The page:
Tuesday, February 21, 2006

Taking On The "Special" Taxing Machines

New Watchdog Group Plans Multi-faceted Attack On Taxing Jurisdictions

Yet unnamed, a new grassroots organization is taking shape in Oceanside, and reaching out to community leaders throughout Nassau County, dedicated to lowering property taxes by addressing the multitude of problems associated with and created by the so-called Special Districts.

That there are more than 400* Special Districts within Nassau County and its inclusive townships, each acting as quasi-independent governments with the authority to set budgets and tax homeowners, is a given. That many of these districts -- from fire to sanitation to water -- are out of control, is coming to light and beginning to register with taxpayers.

First brought to the public's attention by Nassau County Assessor Harvey Levinson last year (even before the campaign for Town of Hempstead Supervisor began), the disparate and excessive costs associated with maintaining and operating separate and distinct fiefdoms -- each taking a bite out of our wallets -- is both widespread and systemic.

Sanitary Districts, Water Districts, Fire Districts, Library Districts, to name a few, duplicating effort and services, supporting a patronage mill run by political and familial cronies, self-serving and self-perpetuating mini governments paid for and made possible by your tax dollars.

Audits conducted by Nassau County Comptroller Howard Weitzman, and an ongoing investigation by NYS Comptroller Alan Hevesi, bear out what many observers and taxpayers already knew: There are too many, doing too little, getting too much, and the taxpayer is getting ripped off -- royally!

Recently, Mr. Weitzman called for a countywide conference to explore the reform of the Special Districts. A daring few have now heeded the call.

And so it was, that out of a failed bid to gain a seat on the Board of Commissioners of a local Town of Hempstead Sanitary District (a bid borne of a desire to expose waste, mismanagement and malfeasance), grew a movement that hopes to educate residents, create transparency, and, ultimately, to consolidate services, eliminating unnecessary and costly layers of government.

Like kids in a candy store, filled with excitement and anticipation, community leaders met last week to form a committee and to brainstorm an agenda. Under the guiding hand of Laura Mallay, President of the South Hempstead Civic Association, the dozen or so civic activists agreed that a non-partisan organization was needed to open the doors of the Special Districts to the cleansing light of day.

The short-term mission is to gather information on the Special Districts -- from budgets, to expenditures, to personnel -- and to disseminate this information to the taxpaying public. [Watch this blog for postings relative to the Sanitary Districts and other taxing jurisdictions that, for the most part, fly beneath the public's radar.]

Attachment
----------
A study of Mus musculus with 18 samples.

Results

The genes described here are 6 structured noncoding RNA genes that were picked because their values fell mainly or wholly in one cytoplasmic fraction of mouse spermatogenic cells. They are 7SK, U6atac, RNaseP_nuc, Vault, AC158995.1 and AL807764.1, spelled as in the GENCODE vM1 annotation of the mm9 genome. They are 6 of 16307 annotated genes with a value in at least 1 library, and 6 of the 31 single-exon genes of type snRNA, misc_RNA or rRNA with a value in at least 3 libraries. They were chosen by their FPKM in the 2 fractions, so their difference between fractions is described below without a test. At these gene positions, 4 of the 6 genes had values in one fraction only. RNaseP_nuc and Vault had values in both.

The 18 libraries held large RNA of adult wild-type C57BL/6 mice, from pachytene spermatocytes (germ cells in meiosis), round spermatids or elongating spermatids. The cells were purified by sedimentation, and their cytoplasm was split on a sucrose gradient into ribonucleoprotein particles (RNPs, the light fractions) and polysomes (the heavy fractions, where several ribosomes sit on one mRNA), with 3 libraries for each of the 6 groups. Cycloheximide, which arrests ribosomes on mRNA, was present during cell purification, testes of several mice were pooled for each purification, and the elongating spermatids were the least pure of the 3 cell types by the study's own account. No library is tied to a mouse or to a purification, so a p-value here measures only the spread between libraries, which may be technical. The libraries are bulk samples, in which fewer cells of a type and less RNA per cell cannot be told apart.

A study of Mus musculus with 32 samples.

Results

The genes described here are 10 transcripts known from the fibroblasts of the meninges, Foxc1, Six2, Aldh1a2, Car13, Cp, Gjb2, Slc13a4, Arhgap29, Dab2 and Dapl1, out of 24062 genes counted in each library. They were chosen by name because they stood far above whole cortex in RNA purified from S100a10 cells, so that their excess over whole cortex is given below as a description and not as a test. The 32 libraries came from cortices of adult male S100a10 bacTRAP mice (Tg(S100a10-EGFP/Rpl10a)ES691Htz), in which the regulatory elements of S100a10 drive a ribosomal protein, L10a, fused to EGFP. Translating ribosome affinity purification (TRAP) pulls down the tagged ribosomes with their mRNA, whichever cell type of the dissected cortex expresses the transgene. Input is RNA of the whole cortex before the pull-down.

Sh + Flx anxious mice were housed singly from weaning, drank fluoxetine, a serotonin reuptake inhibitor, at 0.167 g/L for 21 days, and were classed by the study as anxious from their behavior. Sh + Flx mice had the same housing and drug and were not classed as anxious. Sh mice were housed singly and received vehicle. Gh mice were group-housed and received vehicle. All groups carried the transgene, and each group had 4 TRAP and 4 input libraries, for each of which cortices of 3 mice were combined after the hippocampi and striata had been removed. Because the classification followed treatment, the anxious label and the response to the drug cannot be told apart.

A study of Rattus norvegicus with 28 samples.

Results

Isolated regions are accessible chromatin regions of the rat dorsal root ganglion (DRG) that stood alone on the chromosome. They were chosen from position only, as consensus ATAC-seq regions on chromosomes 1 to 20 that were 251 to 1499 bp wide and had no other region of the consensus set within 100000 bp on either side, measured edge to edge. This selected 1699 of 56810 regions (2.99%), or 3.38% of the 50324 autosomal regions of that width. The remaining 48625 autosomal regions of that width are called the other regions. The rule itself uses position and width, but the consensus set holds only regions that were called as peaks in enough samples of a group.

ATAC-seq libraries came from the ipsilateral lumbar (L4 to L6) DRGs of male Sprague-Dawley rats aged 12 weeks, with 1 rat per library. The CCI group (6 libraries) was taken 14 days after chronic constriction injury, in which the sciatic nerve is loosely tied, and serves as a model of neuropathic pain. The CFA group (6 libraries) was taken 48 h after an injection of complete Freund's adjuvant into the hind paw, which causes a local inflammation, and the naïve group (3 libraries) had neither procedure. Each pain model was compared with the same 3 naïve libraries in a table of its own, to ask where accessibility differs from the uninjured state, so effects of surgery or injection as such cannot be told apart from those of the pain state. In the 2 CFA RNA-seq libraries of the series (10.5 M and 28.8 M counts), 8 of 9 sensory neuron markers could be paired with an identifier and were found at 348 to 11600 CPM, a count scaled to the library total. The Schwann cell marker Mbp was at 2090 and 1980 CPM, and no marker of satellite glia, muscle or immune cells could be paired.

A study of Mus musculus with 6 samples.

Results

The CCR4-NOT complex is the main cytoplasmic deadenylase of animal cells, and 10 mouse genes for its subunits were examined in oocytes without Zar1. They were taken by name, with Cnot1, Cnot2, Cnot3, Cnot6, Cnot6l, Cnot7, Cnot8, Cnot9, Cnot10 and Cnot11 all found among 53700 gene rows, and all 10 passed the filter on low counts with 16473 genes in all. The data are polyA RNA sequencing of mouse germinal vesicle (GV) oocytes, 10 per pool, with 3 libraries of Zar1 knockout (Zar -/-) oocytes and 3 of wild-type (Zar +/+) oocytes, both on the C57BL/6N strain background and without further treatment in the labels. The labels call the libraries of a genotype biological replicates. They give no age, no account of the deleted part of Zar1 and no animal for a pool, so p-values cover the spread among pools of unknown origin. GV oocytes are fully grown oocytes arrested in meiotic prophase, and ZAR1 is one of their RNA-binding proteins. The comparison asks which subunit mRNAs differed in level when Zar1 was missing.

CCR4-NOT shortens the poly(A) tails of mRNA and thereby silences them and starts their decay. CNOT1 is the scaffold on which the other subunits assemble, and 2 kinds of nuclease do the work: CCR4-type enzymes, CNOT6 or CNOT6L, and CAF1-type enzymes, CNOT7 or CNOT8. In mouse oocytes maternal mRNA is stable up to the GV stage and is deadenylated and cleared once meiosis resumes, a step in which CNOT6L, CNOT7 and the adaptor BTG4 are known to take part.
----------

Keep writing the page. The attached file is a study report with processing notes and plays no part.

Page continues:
The group hopes to recruit candidates to run for Commissioners in Special District elections, to lobby for elections to take place on Election Day in November, and to promote a more open, transparent and responsive approach to operating what are essentially self-governing, taxpayer-funded public authorities.

Long-term, this watchdog group will look to our elected officials, particularly the State Legislature (which created the Special District monsters in the first place), to give localities the authority -- and the impetus -- to consolidate services, to eliminate districts that duplicate services more readily and efficiently provided by other agencies or departments, and, in so doing, lowering the tax burden that now consumes homeowners throughout the county.

We say "bravo" to Laura Mallay and her small force of taxpayer watchdogs. We hope that these "hounds" get the "scent" and will stay hot on the trail of those invisible taxing jurisdictions. Once exposed for the wasteful, tax dollar-eating beasts that they are, Mallay & Company should morph from watchdog into attack dog, latching on to the body of the behemoths like a pit bull to the postman's leg; not letting go until the Special Districts have either been brought in line, heeling to the will of the taxpayers, or better yet, taken off line, at long last spayed and neutered.

The next meeting of the taxpayer watchdog group will be held on Wednesday, March 29, 2006 at 7:30 PM in Oceanside. Community advocates interested in becoming involved in this grassroots campaign, and those seeking more information, should contact Laura Mallay at 516-833-6699 or 516-233-4026, or by e-mail at mallay@optonline.net.